Lots of kits have pre shaped leading edges for the wings, and some balsa suppliers sell pre shaped leading edges for your scratch built wings. But most of the time the leading edge is shaped from a square stick.
Rule number 1 for shaping leading edges, and for sanding most other parts of your airplane, is to use a sanding block. Do not try to do this kind of work with a piece of sand paper in your bare hand. It just won’t get the job done. Hand held sandpaper will cut softer balsa more easily, leaving harder balsa and glue joints protruding. A hard, flat block acts as an equalizer so you can sand to the shape that you really want. Also, you need good sharp sand paper. The harder you work at sanding, the more strain you put on the structure because there’s a lot of action but not much cutting going on. I always do rough shaping with 120 grit and finish with 180 if I’m feeling fancy. Most times I finish with 120 because it produces a finish good enough to be covered with Monokote. Other types of finish require a finer grit for final sanding. A real perfectionist will use 220, then 400 and get the whole plane silky smooth no matter what kind of finish is to be applied, but I’ll leave that up to you. I’m just telling you not to beat the thing to death with dull paper when you’re doing the major shaping.
Speaking of reducing strain on the structure, try not to set your two hands up as the rock and hard place that the plane will be crushed between. If you have a wing with delicate ribs, no sheeting, and very firm leading edge sticks, you will put the structure at risk if you just sort of grapple the whole wing with one hand while you go at the hard leading edge with a sanding block. In such a case your wing will be less likely to break if you hang onto the leading edge with one hand while sanding the same leading edge with the other hand.
Now that we have that out of the way, let’s get to the project at hand. You could go at it with sand paper immediately, but it makes more sense to start with a planer. Don’t wear out your sand paper on balsa that you could get off with a blade. Get close to the finished shape, but don’t get carried away and take too much off.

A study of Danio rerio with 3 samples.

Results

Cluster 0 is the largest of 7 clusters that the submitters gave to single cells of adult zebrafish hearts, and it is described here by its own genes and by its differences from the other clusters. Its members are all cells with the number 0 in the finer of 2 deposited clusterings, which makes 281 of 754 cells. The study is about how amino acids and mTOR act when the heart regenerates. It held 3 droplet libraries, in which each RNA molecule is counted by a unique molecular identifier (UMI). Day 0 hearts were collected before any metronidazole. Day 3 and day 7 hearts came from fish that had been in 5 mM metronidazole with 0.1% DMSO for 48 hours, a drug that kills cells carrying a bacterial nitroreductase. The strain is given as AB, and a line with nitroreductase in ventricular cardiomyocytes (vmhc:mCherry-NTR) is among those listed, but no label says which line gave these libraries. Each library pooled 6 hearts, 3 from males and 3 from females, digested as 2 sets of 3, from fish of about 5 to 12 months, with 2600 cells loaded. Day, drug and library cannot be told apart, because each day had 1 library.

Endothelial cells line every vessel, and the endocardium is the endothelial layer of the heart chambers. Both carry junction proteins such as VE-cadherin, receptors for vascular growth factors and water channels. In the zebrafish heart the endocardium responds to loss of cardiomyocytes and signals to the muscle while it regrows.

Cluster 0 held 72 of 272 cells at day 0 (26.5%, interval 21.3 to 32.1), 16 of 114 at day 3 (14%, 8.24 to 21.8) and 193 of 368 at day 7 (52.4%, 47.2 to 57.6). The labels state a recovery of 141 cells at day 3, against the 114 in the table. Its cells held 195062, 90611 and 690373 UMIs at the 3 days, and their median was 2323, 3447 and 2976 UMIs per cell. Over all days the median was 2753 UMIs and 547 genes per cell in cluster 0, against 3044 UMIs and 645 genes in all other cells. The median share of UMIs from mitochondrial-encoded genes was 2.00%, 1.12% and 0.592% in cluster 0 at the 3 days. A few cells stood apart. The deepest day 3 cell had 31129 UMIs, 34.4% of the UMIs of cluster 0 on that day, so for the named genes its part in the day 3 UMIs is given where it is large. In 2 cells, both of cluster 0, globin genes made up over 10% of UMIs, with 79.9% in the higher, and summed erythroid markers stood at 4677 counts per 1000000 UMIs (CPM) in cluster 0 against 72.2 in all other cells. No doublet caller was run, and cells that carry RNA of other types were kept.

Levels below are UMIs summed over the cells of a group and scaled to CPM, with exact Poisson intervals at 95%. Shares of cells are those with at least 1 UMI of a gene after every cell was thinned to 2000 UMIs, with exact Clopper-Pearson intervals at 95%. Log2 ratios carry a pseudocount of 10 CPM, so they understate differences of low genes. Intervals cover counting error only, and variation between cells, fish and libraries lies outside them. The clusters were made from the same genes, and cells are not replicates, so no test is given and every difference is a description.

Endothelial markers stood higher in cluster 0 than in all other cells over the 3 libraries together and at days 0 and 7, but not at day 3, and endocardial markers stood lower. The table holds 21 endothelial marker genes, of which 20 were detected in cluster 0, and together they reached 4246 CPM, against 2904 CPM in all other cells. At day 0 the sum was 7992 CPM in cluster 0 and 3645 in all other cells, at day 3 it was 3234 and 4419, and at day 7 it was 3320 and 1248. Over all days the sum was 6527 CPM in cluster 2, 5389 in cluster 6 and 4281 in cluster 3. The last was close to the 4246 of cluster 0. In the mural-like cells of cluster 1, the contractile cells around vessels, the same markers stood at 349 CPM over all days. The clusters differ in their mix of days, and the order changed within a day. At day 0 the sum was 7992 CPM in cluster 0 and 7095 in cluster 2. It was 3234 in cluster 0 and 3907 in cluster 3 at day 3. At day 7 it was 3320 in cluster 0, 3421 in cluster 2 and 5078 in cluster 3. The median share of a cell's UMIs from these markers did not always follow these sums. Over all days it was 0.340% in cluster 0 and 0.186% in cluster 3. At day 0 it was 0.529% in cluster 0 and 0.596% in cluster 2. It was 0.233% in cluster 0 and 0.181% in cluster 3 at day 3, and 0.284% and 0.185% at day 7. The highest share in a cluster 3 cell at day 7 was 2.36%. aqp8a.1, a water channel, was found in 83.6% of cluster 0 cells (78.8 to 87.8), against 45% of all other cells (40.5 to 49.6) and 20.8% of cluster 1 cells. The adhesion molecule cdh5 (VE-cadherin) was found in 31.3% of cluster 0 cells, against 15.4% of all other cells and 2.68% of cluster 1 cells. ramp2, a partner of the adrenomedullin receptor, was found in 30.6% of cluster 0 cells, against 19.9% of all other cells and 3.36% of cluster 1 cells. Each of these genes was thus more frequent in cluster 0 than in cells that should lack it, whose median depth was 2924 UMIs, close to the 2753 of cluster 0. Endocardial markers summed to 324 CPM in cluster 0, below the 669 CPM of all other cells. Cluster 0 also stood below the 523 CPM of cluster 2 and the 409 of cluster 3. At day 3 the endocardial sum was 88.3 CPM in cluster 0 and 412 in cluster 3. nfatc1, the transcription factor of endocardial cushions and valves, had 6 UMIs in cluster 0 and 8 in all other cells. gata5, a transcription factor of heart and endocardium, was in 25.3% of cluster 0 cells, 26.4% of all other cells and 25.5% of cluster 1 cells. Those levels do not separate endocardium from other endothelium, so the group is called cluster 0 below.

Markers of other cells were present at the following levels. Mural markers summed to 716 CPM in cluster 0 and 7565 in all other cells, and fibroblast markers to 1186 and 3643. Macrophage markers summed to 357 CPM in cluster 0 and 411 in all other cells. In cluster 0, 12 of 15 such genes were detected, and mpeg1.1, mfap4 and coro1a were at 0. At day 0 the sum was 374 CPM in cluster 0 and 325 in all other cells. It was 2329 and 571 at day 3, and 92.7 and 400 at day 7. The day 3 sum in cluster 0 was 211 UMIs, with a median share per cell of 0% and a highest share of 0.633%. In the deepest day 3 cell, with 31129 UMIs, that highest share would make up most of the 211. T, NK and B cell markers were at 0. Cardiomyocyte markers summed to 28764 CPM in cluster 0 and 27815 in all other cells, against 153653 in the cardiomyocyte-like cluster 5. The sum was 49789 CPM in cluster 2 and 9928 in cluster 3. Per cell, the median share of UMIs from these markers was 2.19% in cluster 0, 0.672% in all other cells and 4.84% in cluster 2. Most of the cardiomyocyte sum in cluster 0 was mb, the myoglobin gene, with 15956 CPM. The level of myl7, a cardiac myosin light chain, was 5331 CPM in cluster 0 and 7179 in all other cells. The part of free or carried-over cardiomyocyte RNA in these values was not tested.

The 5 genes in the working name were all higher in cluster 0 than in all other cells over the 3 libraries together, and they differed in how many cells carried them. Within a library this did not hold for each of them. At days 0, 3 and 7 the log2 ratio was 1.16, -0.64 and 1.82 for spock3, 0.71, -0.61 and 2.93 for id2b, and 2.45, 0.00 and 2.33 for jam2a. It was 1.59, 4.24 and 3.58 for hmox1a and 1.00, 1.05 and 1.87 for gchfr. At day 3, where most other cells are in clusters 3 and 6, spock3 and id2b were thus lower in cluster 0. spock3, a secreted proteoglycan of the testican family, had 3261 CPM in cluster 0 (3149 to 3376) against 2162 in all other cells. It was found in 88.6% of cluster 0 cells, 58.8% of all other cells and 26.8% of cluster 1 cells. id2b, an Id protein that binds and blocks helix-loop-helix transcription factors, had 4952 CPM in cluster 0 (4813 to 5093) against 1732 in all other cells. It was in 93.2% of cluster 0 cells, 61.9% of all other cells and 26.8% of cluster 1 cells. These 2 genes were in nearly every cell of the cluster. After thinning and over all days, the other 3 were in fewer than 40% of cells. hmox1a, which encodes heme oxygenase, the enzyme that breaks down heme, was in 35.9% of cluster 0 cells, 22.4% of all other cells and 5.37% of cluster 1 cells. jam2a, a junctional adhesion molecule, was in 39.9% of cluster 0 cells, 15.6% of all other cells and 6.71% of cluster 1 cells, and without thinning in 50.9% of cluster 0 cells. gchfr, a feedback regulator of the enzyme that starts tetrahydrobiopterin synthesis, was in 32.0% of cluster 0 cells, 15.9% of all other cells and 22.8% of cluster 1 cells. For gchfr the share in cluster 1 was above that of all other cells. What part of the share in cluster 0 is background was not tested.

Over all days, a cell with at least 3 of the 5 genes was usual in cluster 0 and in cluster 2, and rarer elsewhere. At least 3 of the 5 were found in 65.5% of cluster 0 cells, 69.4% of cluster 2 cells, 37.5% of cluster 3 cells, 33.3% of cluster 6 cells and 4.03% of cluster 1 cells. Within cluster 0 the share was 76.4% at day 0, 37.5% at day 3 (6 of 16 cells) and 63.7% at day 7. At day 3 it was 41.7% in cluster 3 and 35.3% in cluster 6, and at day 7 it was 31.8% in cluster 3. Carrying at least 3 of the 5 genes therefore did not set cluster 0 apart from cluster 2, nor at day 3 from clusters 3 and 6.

Next we switch over to the sanding block. Envision the final shape and imagine a tangent line that contacts the curve of the airfoil where the leading edge stick meets the ribs or rib sheeting. Obviously you should never tip your sanding block farther back than this line, because that would flatten the ribs.
This is what it’s supposed to look like when it’s finished, but it doesn’t look like that yet. At the beginning it looks more like this.
Notice that I kept the tangent line parallel to the one in the original diagram. This is because you should imagine the tangent line and sand the leading edge at that angle and stop when you reach the ribs or rib sheeting. Naturally, you should start with the block at the same angle you intend it to be at when you’re finishing. Sand the entire length of the wing at this angle.
I always move the block in a circle, rather than back and forth. Do not change the angle of the sanding block. Sand until you just touch the ribs or rib sheeting. Start at one end, and continue until you reach the other end and it all looks the same, with one facet sanded into the stick.
Here’s what it looks like from the end. I also sanded the bottom flat to match the bottom of the wing.
This was pretty easy because it’s a flat bottom airfoil. If this were a Clark Y or a symmetrical airfoil you would sand the bottom the same way that the top was done.
At this point you can see how you really don’t need to take much off to achieve a smooth curve. In the case of the wing in my photos you could simply take off the corner, making little circles with the sanding block and rocking it back and forth around the curve, while moving from one end to the other. This would make a finished curve pretty easily. Here’s the result:
If you have a bigger stick or a thicker airfoil, then you should approach it a bit more systematically. Imagine another tangent line, preferably at the apex of one of the front corners of the stick, and sand another facet into the stick without rocking the block, all the way from one end to the other. You could do this on the top and the bottom.
At this point it’s bound to be very close to the final shape. Now go to each protruding corner, make little circles with the block, and rock the block around the curve as you go from one end of the wing to the other.